Location: National Germplasm Resources LaboratoryTitle: Application of the name Lemna punctata G. Mey., the type of Landoltia Les & D. J. Crawford
Submitted to: Plant Biology
Publication Type: Peer Reviewed Journal
Publication Acceptance Date: 3/3/2014
Publication Date: 6/18/2014
Citation: Wiersema, J.H. 2014. Application of the name Lemna punctata G. Mey., the type of Landoltia Les & D. J. Crawford. Plant Biology. http://onlinelibrary.wiley.com/doi/10.1111/plb.12209/full.
Interpretive Summary: The new generic name Landoltia, which honors a longtime worker on the duckweed family, was proposed in 1999 for the species Landoltia punctata, a common aquatic weed formerly called Spirodela punctata that exists in much of the world. The increasingly common usage of the name Landoltia punctata depends on Lemna punctata, a name first applied in 1818 to a collection from South America that is now lost, leaving the interpretation of the name controversial. Usage of these names for this widespread weed has recently (in 2011) been challenged by someone whose actions, if unanswered, would change the names of two duckweed species. Such a change would make the generic name Landoltia unavailable. This report applies the international rules of nomenclature to argue against this new interpretation and support retention of the existing names. This work will be used by scientists, among whom agreement and standardized usage on scientific names is of considerable importance.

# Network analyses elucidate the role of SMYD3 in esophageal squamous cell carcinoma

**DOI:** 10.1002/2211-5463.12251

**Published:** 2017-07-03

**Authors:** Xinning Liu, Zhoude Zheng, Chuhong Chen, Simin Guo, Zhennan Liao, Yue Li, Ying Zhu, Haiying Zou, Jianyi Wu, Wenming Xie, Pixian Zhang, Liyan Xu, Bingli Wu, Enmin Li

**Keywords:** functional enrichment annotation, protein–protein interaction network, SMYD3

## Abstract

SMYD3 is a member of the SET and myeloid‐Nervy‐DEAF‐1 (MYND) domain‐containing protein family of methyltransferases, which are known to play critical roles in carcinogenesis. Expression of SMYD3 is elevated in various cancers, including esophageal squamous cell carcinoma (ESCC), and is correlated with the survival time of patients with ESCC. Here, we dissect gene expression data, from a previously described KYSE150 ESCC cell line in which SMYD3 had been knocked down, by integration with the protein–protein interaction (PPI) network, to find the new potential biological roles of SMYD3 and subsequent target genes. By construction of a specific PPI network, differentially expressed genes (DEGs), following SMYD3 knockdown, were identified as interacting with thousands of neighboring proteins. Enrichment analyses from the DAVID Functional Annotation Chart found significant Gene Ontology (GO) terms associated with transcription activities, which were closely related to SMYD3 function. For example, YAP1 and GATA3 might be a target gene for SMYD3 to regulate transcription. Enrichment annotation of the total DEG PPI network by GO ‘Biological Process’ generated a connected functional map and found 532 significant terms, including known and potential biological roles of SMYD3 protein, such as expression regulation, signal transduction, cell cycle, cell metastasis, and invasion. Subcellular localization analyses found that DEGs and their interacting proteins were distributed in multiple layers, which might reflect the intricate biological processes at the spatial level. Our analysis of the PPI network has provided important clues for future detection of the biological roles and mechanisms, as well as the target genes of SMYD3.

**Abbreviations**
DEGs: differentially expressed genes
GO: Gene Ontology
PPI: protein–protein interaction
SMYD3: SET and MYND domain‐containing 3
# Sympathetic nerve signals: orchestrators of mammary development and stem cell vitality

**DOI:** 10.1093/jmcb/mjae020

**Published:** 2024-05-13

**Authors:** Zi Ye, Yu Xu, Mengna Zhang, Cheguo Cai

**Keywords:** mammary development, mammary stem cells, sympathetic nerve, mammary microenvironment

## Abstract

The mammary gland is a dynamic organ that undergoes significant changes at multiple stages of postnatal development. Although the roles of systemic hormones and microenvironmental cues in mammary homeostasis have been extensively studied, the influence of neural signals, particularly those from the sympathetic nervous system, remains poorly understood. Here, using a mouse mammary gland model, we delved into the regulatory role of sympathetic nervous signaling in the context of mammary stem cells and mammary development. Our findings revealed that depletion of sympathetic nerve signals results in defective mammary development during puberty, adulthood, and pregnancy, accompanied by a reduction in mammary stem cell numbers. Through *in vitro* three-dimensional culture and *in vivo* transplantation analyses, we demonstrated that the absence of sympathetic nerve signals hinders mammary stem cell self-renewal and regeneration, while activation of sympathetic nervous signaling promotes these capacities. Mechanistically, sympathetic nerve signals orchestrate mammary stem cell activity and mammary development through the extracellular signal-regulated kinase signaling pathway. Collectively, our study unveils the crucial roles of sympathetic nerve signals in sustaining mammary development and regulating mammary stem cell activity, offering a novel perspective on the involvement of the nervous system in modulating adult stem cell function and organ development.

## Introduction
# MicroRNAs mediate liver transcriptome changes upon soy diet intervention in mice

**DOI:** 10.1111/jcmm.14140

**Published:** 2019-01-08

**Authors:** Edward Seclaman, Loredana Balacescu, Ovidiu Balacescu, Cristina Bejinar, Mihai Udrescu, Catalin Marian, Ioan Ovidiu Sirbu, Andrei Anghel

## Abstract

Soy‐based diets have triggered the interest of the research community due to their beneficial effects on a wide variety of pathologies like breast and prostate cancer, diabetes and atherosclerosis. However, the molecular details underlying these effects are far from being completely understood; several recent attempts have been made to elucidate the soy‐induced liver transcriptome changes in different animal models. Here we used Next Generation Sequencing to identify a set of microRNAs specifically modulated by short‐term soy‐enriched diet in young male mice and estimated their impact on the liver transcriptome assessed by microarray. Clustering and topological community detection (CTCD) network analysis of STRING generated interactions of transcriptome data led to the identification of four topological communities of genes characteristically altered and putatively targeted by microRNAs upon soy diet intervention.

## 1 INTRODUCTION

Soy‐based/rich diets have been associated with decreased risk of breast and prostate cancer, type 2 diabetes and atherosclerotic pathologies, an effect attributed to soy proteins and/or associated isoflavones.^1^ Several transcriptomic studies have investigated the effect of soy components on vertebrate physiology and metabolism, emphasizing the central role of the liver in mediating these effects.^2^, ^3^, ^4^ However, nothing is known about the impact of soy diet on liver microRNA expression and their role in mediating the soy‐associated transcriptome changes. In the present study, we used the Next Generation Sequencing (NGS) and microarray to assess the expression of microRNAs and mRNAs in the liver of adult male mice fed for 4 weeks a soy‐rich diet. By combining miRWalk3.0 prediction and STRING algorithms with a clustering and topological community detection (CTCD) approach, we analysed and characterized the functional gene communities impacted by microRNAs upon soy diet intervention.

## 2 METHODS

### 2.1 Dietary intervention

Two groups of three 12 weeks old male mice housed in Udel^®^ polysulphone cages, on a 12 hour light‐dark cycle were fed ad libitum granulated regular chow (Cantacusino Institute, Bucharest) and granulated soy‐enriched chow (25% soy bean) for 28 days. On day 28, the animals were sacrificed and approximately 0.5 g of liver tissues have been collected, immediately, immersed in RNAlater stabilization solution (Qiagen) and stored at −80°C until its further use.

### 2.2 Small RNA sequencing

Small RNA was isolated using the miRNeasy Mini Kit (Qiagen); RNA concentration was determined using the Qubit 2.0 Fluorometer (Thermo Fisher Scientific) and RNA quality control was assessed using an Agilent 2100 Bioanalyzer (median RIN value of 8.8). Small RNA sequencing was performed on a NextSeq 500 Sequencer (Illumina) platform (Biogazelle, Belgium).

Technical Abstract: A recent (2011) attempt to change the previously designated type of the name of a duckweed species is discussed. Lemna punctata was first applied by Meyer in 1818 to a plant collected from South America, but original specimens no longer exist. A prior neotype designation associated this name with a species native to parts of Asia, Australia, and the Pacific, and widely introduced elsewhere, including South America. The species is generally treated by taxonomists in the genus Spirodela (either as S. punctata or the synonym S. oligorrhiza) or, more recently, as the sole member of the new (1999) genus Landoltia (as L. punctata). If accepted, this 2011 attempt to re-neotypify L. punctata would disrupt the names of two duckweed species as well as that of Landoltia. Nomenclatural arguments against accepting this new typification are provided, thereby supporting the continued usage of Landoltia in the sense intended by its original authors.